Current town: Collingswood, NJ
Bio: Jeremy Newman has directed numerous documentary and experimental videos. His work is frequently shown at film festivals and has also aired on several PBS stations. He is Associate Professor of Communications at Stockton University. Newman earned an MFA in Media Arts from The Ohio State University.
What are you currently working on?
The Lenni-Lenape Indians, translated as “men of men,” are sovereigns who occupied a vast territory on the east coast for more than 10,000 years. Over the centuries, they spawned many Algonquian tribes including the Nanticoke. Today, there are three historic tribal communities in the Delaware Bay region who share a common Lenni-Lenape and Nanticoke ancestry. My documentary is about the Nanticoke Lenni-Lenape Tribal Nation in Cumberland County, NJ.
During the 17th century, the Lenni-Lenape entered nation-to-nation agreements with the Swedes, Finns and British. These treaties include the exchange of wampum belts between Chief Tamanend and William Penn in 1682. However, by the early 19th century, the Nanticoke Lenni-Lenape lived under the threat of forced removal. This danger continued into the 1920s, and local hostilities lasted even longer. The tribe remained in southern New Jersey, and maintained its sovereignty, by living in self-isolating family clans who governed themselves in their tribal (Methodist) churches.
By the late 1970s, the Nanticoke Lenni-Lenape adopted a constitutional government with an elected chief and council. Subsequently, they’ve reclaimed many of the traditions that previous generations couldn’t practice in public. In 1982, the State of New Jersey officially recognized the tribe, providing them with limited access to federal protections and benefits. Yet, tribal leaders are now fighting to defend their status, in both state and federal court, after enduring years of politically motivated assaults and the erosion of their rights.
The Nanticoke Lenni-Lenape are an historically continuous American Indian tribe. As a result, their contemporary realities are inexorably linked to the past. For instance, their political struggles date back to first contact with European settlers, and the traditions that they practice are thousands of years old. Additionally, their actions extend tribal history forward. In fact, tribal leaders make their decisions in full consideration of the impact on the next seven generations. This relationship between past, present and future has shaped the nature of my film.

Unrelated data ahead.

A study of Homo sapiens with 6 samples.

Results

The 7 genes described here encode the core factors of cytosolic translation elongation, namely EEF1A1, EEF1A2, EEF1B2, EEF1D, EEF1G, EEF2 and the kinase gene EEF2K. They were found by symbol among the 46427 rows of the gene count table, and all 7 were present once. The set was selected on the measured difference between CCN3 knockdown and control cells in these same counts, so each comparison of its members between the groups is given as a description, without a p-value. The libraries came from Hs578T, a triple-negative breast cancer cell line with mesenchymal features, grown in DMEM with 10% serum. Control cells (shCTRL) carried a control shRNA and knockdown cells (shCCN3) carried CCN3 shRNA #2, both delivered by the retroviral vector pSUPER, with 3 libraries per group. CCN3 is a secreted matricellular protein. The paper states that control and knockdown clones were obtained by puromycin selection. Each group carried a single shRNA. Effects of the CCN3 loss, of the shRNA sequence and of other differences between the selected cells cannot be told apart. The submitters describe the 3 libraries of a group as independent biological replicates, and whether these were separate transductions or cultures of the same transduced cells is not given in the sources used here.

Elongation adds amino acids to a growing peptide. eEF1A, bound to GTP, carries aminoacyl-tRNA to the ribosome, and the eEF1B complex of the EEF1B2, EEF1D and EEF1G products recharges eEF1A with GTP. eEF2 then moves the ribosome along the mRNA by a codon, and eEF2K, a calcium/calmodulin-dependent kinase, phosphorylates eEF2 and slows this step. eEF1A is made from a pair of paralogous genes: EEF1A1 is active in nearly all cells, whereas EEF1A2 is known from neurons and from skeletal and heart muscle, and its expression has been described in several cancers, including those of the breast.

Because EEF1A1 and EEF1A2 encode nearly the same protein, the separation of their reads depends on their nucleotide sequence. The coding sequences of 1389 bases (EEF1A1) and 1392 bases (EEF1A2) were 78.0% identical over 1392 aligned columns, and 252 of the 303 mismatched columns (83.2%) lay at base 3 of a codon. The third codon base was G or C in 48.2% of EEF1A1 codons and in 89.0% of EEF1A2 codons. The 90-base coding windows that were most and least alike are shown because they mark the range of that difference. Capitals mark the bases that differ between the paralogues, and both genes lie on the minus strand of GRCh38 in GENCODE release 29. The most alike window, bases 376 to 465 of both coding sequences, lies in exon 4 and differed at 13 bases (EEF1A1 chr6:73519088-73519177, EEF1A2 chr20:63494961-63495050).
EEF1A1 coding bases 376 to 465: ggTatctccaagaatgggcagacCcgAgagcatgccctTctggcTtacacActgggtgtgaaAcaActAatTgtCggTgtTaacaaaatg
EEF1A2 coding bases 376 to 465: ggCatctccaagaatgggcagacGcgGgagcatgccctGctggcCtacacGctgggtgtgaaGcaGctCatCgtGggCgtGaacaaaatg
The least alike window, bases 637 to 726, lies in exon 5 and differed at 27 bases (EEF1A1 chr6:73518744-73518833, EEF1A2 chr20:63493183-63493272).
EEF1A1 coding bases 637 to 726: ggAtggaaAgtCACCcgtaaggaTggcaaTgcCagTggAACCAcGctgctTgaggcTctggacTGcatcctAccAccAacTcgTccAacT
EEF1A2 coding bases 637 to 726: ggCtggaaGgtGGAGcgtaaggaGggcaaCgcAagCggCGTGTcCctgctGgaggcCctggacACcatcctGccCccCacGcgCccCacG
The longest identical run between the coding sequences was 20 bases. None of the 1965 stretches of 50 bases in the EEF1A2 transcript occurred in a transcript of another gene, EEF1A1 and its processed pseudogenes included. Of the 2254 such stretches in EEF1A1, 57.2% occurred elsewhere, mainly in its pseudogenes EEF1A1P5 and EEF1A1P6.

What’s your art background?
I studied Art and Art History in college. In graduate school, I shifted to Media Arts with my focus being film. This is when I began to make experimental films and documentaries. Essentially, they both represent a visual orientation to the world. At times, the distinction between the two is blurred.
Describe your current state of mind.
I’m quite concerned about this country and the world. But, I’m always looking for reasons to be hopeful. Millions of people are using their freedom of speech to condemn intolerance and promote human rights. I believe that this is truly important.
What’s inspiring you?
Nature inspires me. So does the courage of ordinary people in the world. I’m also inspired by the creativity and curiosity of children.
Do you regularly collaborate with other artists?
I often collaborate with the fiber artist Rachel Blythe Udell. These works tend to be small drawings that combine my use of line and her sense of color. Rachel also transforms my drawings into embroideries.
What was the last exhibit you attended?
The Mexican Modernism show at the PMA was great. In particular, I was struck by the Orozco mural The Epic of American Civilization.
What was the first piece of artwork you bought/ do you buy a lot of artwork?
I first bought a piece by an artist in Baltimore named Loring Cornish. It’s a mirror surrounded by toys that are attached with cement.